The invisibility is commonly attributed to abstract notions. The invisibility seems the simplest thing to be said about them and, accordingly, these notions shows themselves as the simplest objects of knowledge when we point out to their invisibility (for instance, the simplicity of numbers, the moral and esthetical concepts, etc.). However, as long as they are not put aside by claiming their invisibility, such property proves to be, on the contrary, one means for enhancing the complexity of the abstract notions.
First of all, for the most visible objects possess also the property of being simple, simpler than abstract and invisible ones. Though we always see the objects in a landscape or among other things, they can easily be detached from the rest. Moreover, the multiplicity of visible objects stops any profound inquiry in their nature: we just see that tree, and not the other. The emphasis lays on the difference of a visible thing from other visible things, not on the thing itself, in order to reveal its complex set of peculiarities.
An unseen object has not the same possibility of being accepted with the easiness met when we observe visible objects. This fact may be elucidated as long we regard to the unseen aspects of the concrete objects. A thing that conceals some of its sides is recomposed in its entirety by an appeal to our memories about the similar things viewed before (such explanation was offered in ancient medical writings). Of course, the act of recomposing means an implicit admission of its complex nature.
The case of an unseen person brings on more details about the complexity of invisible objects. When we do not see a person, we do not consider her as totally inexistent or as possessing a simple existence as any other object put aside from our sight. An unseen person is thought of as existing in a complex manner, as being caught in her activities, places, or things possessed. When we hardly can imagine such complexity, we tend to fill the gaps with general considerations supposed to be adequate to that person, too. Thus, we may suppose that the unseen person does what other persons do in the same conditions, for instance, if someone is a fisherman, he is pictured as fishing, and if someone caused an injury to other people, he is thought of as doing all the wrong deeds we generally attribute to a so-called evil person.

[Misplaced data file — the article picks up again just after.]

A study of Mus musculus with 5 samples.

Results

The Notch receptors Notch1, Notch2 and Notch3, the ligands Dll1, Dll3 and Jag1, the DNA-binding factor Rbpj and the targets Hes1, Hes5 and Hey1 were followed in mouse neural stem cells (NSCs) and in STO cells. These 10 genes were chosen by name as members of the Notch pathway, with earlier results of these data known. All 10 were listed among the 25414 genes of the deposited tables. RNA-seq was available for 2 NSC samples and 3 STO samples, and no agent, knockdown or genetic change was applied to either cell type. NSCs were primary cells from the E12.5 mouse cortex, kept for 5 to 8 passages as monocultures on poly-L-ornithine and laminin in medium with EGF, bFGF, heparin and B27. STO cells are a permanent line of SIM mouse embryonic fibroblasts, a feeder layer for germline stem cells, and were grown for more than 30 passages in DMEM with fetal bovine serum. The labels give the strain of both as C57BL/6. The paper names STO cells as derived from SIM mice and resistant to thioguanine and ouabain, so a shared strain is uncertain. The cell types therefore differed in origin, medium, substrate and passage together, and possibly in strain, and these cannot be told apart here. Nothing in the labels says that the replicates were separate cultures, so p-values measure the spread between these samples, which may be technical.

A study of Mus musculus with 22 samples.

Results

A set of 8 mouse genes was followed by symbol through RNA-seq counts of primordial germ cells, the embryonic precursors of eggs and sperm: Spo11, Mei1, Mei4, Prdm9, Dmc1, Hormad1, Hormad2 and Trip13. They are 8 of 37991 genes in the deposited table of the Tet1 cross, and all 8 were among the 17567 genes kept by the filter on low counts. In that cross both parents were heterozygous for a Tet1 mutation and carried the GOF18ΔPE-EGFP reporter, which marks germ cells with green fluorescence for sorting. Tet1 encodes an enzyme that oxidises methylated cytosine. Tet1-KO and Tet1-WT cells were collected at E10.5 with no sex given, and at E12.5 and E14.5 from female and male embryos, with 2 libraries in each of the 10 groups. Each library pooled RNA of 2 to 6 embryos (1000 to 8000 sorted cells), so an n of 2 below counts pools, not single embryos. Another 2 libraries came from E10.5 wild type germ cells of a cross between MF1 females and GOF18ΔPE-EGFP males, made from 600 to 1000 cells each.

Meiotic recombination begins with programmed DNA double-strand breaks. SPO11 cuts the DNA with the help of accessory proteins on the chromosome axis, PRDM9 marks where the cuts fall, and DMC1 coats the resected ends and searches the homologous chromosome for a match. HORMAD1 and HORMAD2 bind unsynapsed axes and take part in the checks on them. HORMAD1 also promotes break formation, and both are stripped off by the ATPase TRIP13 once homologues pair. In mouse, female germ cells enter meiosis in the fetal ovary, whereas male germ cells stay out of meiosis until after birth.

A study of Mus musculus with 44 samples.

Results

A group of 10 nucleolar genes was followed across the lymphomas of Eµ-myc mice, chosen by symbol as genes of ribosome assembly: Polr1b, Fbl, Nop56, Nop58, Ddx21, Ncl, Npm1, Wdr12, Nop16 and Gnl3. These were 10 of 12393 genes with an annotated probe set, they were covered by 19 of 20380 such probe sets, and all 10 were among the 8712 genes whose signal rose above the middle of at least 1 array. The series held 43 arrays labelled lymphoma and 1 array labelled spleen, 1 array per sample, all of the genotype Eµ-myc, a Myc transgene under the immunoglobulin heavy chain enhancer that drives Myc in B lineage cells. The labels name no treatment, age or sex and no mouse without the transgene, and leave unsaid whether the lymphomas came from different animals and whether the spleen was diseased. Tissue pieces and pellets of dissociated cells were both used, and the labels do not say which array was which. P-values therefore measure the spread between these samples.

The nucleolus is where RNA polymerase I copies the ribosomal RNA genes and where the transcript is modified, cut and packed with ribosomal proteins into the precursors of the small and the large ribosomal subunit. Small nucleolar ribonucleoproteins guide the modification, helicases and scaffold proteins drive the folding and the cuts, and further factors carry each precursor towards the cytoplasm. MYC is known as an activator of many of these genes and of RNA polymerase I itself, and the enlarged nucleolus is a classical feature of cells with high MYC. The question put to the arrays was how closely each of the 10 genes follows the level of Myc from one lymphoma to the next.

In short, the unseen persons involve for our thoughts about them the two tendencies of placing them in complex states of facts and also to include them in general classes.
The complex discourses and relations generally associated to abstract notions and the operations of classifying them prove that the above mentioned tendencies are followed in their case, too. Nonetheless, the appeal to memory for building abstract notions is a common manner of dealing with them, as much as we do this regarding partially unseen objects.
When we appeal to memory for knowing the unseen sides of a thing, we are far from it or we won’t to make the effort to see it completely. An unseen person imagined in the midst of a lot of things is usually one we want dispersed and lost in those things in order to not bother ourselves with the sober matters of thinking about what means the absence of others. Moreover, her inclusion in categories provides us the means to forget her as an individuality.
Surely, all the above considerations about the unseen objects and persons may be also identified in the mental processes involving abstract notions.